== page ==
Marked nominative alignment from reanalyzed relative clauses: Towards an explanation of prefixes and suffixes in Northwest Kainji argument marking


Northwest Kainji (Benue-Congo) languages display either prefixed or suffixed noun class marking on nouns (Hoffmann 1967 [dri], Bendor‑Samuel et al. 1973 [uth], and Smith 2007 [gel]). Affix placement is governed by the NP. Paterson (2019) argues that u̱t‑Maꞌin [gel] argument alignment patterns also depend on the structure of the NP: unmodified NPs display marked nominative alignment; NPs that contain modifiers display neutral alignment. From u̱t‑Maꞌin data, I argue that suffix class markers on unmodified subjects developed from the relative pronoun within a relative clause that has a relativized subject.

Noun class suffixes function as overt morphological nominative case for S/A arguments. Noun class prefixes on P arguments function as overt morphological accusative case.

The unique form and function of the u̱t‑Maꞌin nominative case marking and the prolific functions/locations of the accusative case marking are organized into a Type 2 Marked Nominative system (König 2008: 8, 158): (i) A and S are treated the same and simultaneously different from P, (ii) the accusative form is used as the citation form, and (iii) both case forms are morphologically marked; however, the accusative is used in a wide range of functions. The nominative, in contrast, is used in a very restricted set of functions. Overt case marking is only a feature of an NP argument if that NP argument has no modifier; when modifiers occur, no case distinction is made, i.e., the alignment system is neutral. The prefix-marked form of the accusative is the historical form of the noun word, matching the “expected” Niger-Congo prefixed noun class word form. The potentially innovative suffix-marked nominative form is the result of reanalyzing a relative clause structure as main clause syntax.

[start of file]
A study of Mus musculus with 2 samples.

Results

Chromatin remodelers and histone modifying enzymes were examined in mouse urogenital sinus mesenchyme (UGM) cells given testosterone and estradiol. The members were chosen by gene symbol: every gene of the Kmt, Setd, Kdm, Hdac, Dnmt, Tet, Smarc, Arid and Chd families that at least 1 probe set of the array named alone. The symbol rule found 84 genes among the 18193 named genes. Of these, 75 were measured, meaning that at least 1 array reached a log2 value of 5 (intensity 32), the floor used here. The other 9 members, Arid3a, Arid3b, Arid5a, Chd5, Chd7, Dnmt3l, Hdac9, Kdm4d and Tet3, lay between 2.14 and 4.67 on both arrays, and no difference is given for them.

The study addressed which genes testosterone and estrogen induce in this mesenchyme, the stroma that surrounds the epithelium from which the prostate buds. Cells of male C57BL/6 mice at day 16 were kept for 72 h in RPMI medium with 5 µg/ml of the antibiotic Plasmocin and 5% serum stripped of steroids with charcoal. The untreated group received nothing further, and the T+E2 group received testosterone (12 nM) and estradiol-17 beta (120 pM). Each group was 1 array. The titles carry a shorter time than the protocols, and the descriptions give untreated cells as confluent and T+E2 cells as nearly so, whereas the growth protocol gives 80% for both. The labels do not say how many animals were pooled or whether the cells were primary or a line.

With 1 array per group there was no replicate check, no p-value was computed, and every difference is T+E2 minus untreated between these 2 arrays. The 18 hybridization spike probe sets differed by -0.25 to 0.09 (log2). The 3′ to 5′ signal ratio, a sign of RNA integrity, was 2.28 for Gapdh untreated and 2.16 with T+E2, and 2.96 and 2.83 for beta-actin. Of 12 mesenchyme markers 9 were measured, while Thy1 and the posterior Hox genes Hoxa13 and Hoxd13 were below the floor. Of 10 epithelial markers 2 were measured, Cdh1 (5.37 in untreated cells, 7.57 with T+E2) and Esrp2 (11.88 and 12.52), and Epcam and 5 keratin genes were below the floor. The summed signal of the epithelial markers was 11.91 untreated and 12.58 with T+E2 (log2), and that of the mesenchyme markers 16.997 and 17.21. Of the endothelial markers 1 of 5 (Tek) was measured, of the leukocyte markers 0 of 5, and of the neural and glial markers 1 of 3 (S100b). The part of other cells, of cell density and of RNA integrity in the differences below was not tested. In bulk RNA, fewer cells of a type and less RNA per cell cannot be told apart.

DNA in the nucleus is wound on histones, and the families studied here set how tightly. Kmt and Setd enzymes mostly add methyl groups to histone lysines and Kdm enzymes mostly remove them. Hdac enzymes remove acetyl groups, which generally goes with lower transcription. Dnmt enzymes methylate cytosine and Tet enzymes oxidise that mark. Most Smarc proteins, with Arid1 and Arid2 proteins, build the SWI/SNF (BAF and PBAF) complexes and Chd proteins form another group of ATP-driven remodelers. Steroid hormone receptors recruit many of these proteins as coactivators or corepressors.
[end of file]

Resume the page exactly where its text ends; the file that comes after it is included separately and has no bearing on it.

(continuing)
In an u̱t‑Maꞌin relative clause, the relativized element is not expressed. When the relative clause expresses an event that is sequenced with the event conveyed by the main clause and the subject of the matrix clause is also the subject of the relative clause, the structure is semantically ripe for reanalysis. The relative pronoun, already marked for agreement with the class of the head noun, is reanalyzed as a subject marker. Compare tɘ̀ ‘c6.rel’ with tɘ̀ ‘c6’; they are tonally and positionally identical. The relativized subject is reanalyzed as a main clause subject; the verb of the clause is finite and interpreted as a main clause verb.

26 Aug, 2020
University of Bucharest, Romania

Note: Originally scheduled for in person presentations and discussion but the conference was held online due to Covid-19.


Rebecca Paterson
Postdoctoral Researcher

My research interests include field linguistics, grammatical description, and translation.